Treatments and drugsBy Mayo Clinic staff
Stevens-Johnson syndrome requires hospitalization, often in an intensive care unit or burn unit.
Stopping medication causes
The first and most important step in treating Stevens-Johnson syndrome is to discontinue any medications that may be causing it. Because it's difficult to determine exactly which drug may be causing the problem, your doctor may recommend that you stop taking all nonessential medications.
Currently there are no standard recommendations for treating Stevens-Johnson syndrome. Supportive care you're likely to receive while hospitalized includes:
- Fluid replacement and nutrition. Because skin loss can result in significant loss of fluid from your body, replacing fluids is an important part of treatment. You may receive fluids and nutrients through a tube placed through your nose and advanced into your stomach (nasogastric tube).
- Wound care. Cool, wet compresses will help soothe blisters while they heal. Your health care team may gently remove any dead skin, and then place a dressing with a topical anesthetic over the affected areas, if needed.
- Eye care. Because of the risk of eye damage, your treatment should include consultation with an eye specialist (ophthalmologist).
Medications commonly used in the treatment of Stevens-Johnson syndrome include:
- Pain medication to reduce discomfort
- Antihistamines to relieve itching
- Antibiotics to control infection, when needed
- Topical steroids to reduce skin inflammation
In addition, you may receive one of the following types of medications that are currently being studied in the treatment of Stevens-Johnson syndrome:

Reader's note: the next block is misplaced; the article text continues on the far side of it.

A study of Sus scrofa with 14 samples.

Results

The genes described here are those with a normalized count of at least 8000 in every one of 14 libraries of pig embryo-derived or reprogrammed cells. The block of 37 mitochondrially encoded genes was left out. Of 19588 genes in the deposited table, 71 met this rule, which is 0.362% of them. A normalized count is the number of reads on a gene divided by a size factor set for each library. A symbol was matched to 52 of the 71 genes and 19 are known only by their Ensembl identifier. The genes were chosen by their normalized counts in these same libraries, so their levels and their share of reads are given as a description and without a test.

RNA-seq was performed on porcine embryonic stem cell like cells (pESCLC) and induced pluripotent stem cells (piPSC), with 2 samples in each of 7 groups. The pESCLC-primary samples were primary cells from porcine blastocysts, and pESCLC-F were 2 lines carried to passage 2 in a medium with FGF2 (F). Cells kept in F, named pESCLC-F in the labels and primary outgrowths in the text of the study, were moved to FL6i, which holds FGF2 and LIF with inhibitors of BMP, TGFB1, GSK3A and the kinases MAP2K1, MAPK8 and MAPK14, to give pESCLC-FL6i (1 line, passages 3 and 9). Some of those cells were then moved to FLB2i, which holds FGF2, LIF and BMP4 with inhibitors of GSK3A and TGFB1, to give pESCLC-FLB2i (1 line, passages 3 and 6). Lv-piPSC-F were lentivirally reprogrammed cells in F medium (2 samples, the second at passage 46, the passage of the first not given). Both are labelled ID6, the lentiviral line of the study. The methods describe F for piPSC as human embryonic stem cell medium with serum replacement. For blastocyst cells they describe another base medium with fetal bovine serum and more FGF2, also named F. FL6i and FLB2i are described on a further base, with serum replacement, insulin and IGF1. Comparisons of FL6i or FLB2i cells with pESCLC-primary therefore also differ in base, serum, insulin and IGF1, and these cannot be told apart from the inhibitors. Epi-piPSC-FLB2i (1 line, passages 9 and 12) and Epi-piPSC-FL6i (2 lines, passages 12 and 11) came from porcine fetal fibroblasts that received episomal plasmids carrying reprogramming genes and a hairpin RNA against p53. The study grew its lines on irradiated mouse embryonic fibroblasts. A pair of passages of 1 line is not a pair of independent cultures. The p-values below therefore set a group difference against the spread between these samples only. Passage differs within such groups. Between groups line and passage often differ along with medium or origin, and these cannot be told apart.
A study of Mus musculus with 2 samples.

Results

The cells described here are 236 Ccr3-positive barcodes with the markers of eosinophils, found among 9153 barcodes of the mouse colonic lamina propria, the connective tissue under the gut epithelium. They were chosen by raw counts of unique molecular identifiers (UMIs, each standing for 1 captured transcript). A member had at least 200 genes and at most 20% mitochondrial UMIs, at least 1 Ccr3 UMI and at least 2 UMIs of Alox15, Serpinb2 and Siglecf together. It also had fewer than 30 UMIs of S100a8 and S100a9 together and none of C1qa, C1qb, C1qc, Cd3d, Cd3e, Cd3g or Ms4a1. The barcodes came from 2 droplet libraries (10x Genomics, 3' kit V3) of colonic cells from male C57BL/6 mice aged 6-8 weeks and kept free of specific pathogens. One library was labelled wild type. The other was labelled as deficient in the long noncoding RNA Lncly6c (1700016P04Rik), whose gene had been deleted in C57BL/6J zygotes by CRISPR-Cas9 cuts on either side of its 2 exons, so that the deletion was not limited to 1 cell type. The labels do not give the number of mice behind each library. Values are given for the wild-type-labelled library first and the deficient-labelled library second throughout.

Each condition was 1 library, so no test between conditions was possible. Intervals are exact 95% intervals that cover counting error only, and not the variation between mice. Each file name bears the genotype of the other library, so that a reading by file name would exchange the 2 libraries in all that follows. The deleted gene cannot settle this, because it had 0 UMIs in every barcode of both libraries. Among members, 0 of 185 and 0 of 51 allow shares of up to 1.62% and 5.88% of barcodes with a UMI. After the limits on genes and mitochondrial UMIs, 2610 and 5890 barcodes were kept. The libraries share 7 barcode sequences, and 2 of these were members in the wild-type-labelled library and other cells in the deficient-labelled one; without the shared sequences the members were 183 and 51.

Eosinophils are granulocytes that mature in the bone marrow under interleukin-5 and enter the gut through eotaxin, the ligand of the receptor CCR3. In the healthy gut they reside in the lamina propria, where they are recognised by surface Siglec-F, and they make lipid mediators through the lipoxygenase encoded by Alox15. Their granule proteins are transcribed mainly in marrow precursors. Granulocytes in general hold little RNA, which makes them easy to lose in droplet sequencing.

- Intravenous corticosteroids. For adults, these drugs may lessen the severity of symptoms and shorten recovery time if started within a day or two of when symptoms first appear. For children, they may increase risk of complications.
- Immunoglobulin intravenous (IVIG). This medication contains antibodies that may help your immune system halt the process of Stevens-Johnson syndrome.
If a large area of your body is affected, skin grafting — removing skin from one area of your body and attaching it to another or using a synthetic skin substitute — may be necessary to help you heal. This treatment is only rarely required.
If the underlying cause of Stevens-Johnson syndrome can be eliminated and the skin reaction stopped, your skin may begin to grow again within several days. In severe cases, full recovery may take several months.
- Nirken MH, et al. Stevens-Johnson syndrome and toxic epidermal necrolysis: Clinical manifestations; pathogenesis; and diagnosis. http://www.uptodate.com/home/index.html. Accessed Dec. 13, 2010.
- High WA, et al. Stevens-Johnson syndrome and toxic epidermal necrolysis: Management, prognosis, and long-term sequelae. http://www.uptodate.com/home/index.html. Accessed Dec. 13, 2010.
- Evans J. Topical treatment protocol for Stevens-Johnson syndrome and toxic epidermal necrolysis. Journal of Wound Ostomy & Continence Nursing. 2009;36:509.
- Hazin R, et al. Derm diagnoses you can't afford to miss. The Journal of Family Practice. 2009;58:298.
- Knowles S, et al. Clinical risk management of Stevens-Johnson syndrome/toxic epidermal necrolysis spectrum. Dermatologic Therapy. 2009;22:441.
- Ward KE, et al. Severe adverse skin reactions to nonsteroidal anti-inflammatory drugs: A review of the literature. American Journal of Health-System Pharmacy. 2010;67:206.
- Usatine RP, et al. Dermatologic emergencies. American Family Physician. 2010;82:773.